New York’s Homegrown Women’s March

New York’s Homegrown Women’s March

The 53 percent of white women who voted for Trump represent a major political constituency; but if Saturday was any indication, they may before long be outnumbered by the likes of the marchers I saw holding signs that said, “Women are not up for grabs.”

Signs from the Women's March in New York, January 21 (Anne Ruthmann / Flickr)

The Women’s March on New York that followed Donald Trump’s inauguration never got the buildup, even in New York papers, that the much bigger Women’s March on Washington did. But from my perspective as a marcher, the lack of buildup was a bonus. It allowed the New York march—far larger than anyone there could have expected—to take on an inner life of its own.

The speeches by, among others, Chirlane McCray, the wife of Mayor Bill de Blasio, and actors Cynthia Nixon and Helen Mirren that began the march did not define it. Nor did the appearance of Senator Chuck Schumer at points along the march route do more than draw polite applause.

What set the tone for the day were the individual expressions of anger and hope, epitomized by the homemade signs that marchers brought with them. The signs were filled with the kinds of puns and social commentary that no political organization would ever come up with on its own.

My favorite sign was one that took on theologian Reinhold Niebuhr’s famous Serenity Prayer and its plea, “God grant me the serenity to accept the things I cannot change.” The message on the sign declared, “I am no longer accepting the things I can’t change. I am changing the things I can’t accept.”

I felt optimistic about the march from the moment I got on the subway taking me there. I sat across the aisle from a mother and her ten-year-old daughter, both wearing dayglo-green hats and carrying a four-foot sign that said, “You can’t comb over sexism.” If they got separated, this mother and daughter weren’t going to lose sight of each other.

They were right to choose the color they did. The hat setting the tone for the day was the knit, pink pussy hat with cat ears that, thanks to the Pussyhat Project, has become a widespread symbol of opposition to Donald Trump’s remarks about grabbing women by their pussy. But in this crowd, in which the gender ratio was at least two-to-one women-to-men, nobody was going to push or shove in a way that would have caused a mother and daughter to become separated.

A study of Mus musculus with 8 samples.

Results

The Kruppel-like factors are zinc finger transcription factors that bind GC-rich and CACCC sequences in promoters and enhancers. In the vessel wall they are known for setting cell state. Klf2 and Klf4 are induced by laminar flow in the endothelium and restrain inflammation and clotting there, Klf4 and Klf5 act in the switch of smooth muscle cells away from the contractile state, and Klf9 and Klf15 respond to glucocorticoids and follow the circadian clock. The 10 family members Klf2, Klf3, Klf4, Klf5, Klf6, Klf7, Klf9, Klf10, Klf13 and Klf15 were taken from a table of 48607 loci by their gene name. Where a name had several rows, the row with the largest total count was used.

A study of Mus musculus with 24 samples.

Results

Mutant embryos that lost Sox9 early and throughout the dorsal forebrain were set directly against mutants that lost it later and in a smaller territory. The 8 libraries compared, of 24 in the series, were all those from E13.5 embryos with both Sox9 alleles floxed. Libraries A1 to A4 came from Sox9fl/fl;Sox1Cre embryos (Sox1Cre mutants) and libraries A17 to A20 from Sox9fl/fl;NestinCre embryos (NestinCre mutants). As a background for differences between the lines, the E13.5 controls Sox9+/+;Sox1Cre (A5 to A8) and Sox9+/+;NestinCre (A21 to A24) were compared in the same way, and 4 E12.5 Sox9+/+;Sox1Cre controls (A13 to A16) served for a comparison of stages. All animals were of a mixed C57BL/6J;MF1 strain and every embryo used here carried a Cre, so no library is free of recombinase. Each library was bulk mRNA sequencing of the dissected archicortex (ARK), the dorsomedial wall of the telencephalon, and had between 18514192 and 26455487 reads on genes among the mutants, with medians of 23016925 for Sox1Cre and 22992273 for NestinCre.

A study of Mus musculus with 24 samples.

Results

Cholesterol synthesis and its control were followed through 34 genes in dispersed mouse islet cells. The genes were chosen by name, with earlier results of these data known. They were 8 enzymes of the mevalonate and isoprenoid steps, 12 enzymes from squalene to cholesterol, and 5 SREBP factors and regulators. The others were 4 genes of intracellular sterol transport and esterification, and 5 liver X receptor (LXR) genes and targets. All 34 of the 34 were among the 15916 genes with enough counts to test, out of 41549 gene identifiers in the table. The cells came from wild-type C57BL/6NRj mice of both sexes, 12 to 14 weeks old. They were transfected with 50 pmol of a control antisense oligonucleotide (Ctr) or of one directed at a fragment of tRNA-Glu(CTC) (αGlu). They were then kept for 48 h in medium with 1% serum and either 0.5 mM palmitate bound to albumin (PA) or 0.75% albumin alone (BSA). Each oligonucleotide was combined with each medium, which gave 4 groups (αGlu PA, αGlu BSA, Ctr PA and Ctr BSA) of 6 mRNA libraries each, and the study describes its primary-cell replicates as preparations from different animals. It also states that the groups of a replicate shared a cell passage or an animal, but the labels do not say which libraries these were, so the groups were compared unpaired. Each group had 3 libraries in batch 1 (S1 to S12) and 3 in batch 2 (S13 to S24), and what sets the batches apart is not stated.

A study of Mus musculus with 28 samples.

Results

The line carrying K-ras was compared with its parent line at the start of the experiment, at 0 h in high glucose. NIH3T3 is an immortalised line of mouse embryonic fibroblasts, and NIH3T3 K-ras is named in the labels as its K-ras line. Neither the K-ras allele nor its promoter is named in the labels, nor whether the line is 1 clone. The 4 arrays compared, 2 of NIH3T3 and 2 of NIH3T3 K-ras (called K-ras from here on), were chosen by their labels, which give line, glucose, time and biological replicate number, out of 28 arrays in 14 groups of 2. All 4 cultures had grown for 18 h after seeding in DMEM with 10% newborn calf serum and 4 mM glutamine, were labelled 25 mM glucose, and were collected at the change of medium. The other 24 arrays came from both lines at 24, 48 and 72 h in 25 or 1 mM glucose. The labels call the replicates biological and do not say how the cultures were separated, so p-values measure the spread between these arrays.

I spent the afternoon with faculty from the college where I teach. Two of them had grandmothers who had been suffragists, and a number of faculty brought their sons and daughters to the march. For me the great indicator of the mood of the crowd was the number of conversations that marchers struck up with those they didn’t know. It seemed good manners, not intrusiveness, to talk politics with strangers.

Marchers could count on getting help for almost any difficulty they encountered. One mother and her college-age daughter lost patience with waiting in line at a designated march entry point and decided it would be quicker to jump the metal barriers the police had set up to keep the march from spilling onto the sidewalk. The daughter climbed the metal barrier with ease. It was a different story for her mother. Despite any number of helping hands, climbing the barrier was too much for her. So she got on the ground and, cheerfully sacrificing her dignity, wiggled under the barrier. “Don’t anyone step on my mother,” her daughter jokingly shouted to those coming on the scene for the first time.

What surprised me about the crowd were the many marchers I didn’t expect to see. They included a retired policewoman wearing her NYPD blue jacket and two sisters carrying a sign that said, “Daughters of Irish Immigrants Stand for Our Rights.” The sisters were, by chance, just behind a group of women with a Spanish-language sign that read, “Respeta mi existencia.”

At its quickest, the march, which began near the United Nations, took fifteen minutes to cover a city block, and it was not until late in the afternoon that I got to the march’s end at 55th Street and Fifth Avenue. I had expected we would be allowed to go the additional block and stop outside Trump Tower, which sits between 56th and 57th Street on Fifth Avenue. That’s been the final rallying site for most the post-election protests. But the police stopped us at 55th Street, guaranteeing that the street directly in front of Trump Tower would remain deserted.

The quiet end of the march did not, though, feel anti-climactic. There is no complaining when upwards of 400,000 people show up for a protest. The question for me is: how many in this crowd and in the crowds at the women’s marches across the nation will support the hard political work that lies ahead? Self-expression is fine as far as it goes, but the key to political success for today’s left remains building institutions and movements that can have a permanent impact.

During the election, one of the most ominous indications of how the vote would go was the size and enthusiasm of the crowds at Trump rallies. The 53 percent of white women who voted for Trump represent a major political constituency; but if Saturday was any indication, they may before long be outnumbered by the likes of the marchers I saw holding signs that said, “Women are not up for grabs.”


Nicolaus Mills chairs the literature department at Sarah Lawrence College. He is author of Winning the Peace: The Marshall Plan and America’s Coming of Age as a Superpower.

Read more responses to Saturday’s women’s marches by Dissent editors.